MPS shocked firm was paid Sh180 for mere advice

Friday March 18 2016

Suspended Youth Enterprise Fund CEO Catherine Namuye on a past function in 2014. Ms Namuye said on March 17, 2016 that the Youth Fund board had vested interests in the fraudulent payment of Sh180 million. PHOTO | CAROLINE CHEBET | NATION MEDIA GROUP

Suspended Youth Enterprise Fund CEO Catherine Namuye on a past function in 2014. Ms Namuye said on March 17, 2016 that the Youth Fund board had vested interests in the fraudulent payment of Sh180 million. PHOTO | CAROLINE CHEBET | NATION MEDIA GROUP 

By JOHN NJAGI

Ms Namuye told MPs she found some of the decisions made by the Youth Enterprise Development Fund board chaired by Bruce Odhiambo, including making her the single signatory of the fund’s account, curious and suspect.

“We were acting on the instructions of the board which I must say had a special interest in the matter,” she told the Public Investment Committee.

She asked that the hearing chaired by Eldas MP Adan Keynan be heard in camera so she could identify the particular individuals who had an interest in the payment, which the committee granted.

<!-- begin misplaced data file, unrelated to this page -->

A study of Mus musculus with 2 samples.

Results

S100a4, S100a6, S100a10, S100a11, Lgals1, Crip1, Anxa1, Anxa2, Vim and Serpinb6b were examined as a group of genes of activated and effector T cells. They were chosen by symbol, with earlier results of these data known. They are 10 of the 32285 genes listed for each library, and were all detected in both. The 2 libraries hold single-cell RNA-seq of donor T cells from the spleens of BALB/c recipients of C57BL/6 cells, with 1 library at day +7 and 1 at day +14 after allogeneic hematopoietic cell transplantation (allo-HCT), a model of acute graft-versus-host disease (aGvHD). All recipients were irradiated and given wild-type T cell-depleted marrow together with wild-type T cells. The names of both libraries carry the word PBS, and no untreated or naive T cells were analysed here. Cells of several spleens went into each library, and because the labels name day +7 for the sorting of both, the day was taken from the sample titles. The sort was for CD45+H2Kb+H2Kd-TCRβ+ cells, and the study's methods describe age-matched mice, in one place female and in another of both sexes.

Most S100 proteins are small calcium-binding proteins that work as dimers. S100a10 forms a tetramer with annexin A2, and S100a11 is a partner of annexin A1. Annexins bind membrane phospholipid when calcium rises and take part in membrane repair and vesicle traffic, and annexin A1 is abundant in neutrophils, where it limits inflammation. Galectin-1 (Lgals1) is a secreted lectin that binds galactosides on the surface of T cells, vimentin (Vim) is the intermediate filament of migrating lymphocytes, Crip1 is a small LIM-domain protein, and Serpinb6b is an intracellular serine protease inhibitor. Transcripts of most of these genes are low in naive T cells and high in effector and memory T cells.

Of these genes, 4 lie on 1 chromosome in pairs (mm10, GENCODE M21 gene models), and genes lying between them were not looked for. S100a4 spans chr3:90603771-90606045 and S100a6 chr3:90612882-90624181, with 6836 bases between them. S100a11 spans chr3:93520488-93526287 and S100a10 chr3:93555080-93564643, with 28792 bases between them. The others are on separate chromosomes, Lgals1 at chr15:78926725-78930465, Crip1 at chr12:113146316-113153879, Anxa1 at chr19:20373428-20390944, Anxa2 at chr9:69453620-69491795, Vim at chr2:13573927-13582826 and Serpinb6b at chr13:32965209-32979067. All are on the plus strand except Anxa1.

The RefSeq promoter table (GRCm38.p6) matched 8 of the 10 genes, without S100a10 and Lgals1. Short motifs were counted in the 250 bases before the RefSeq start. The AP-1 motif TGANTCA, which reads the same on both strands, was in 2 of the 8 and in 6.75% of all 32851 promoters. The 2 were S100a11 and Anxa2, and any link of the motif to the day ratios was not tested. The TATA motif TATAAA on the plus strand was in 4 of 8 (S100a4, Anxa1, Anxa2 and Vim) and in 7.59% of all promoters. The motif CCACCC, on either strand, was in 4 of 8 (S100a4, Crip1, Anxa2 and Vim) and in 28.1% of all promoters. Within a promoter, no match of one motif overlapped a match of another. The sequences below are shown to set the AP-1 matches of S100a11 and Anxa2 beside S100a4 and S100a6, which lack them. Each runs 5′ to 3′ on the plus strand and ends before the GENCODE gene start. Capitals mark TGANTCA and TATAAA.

Of interest to the committee was whether there was a relationship between any member of the board and Quorandrum Ltd, the firm that was paid Sh180 million for advising the committee on the best ICT policy for the youth fund.

Ms Namuye said the ICT management tool used by the fund was not implemented by Quorandrum but by another firm, whose work the board had deemed unsatisfactory.

MPs were shocked to hear that a firm could be paid Sh180 million for merely offering advise through a restricted tender on ICT development.

Ms Namuye, who was suspended by the board to pave way for investigations regarding the loss,  said she signed Sh115 million and Sh64 million to the firm, which had not been pre-qualified, although she said the decision was the board’s.

Mr Keynan questioned the truth of the information she was giving, when she alleged that it was the board that made decisions on procurement while the management merely implemented them.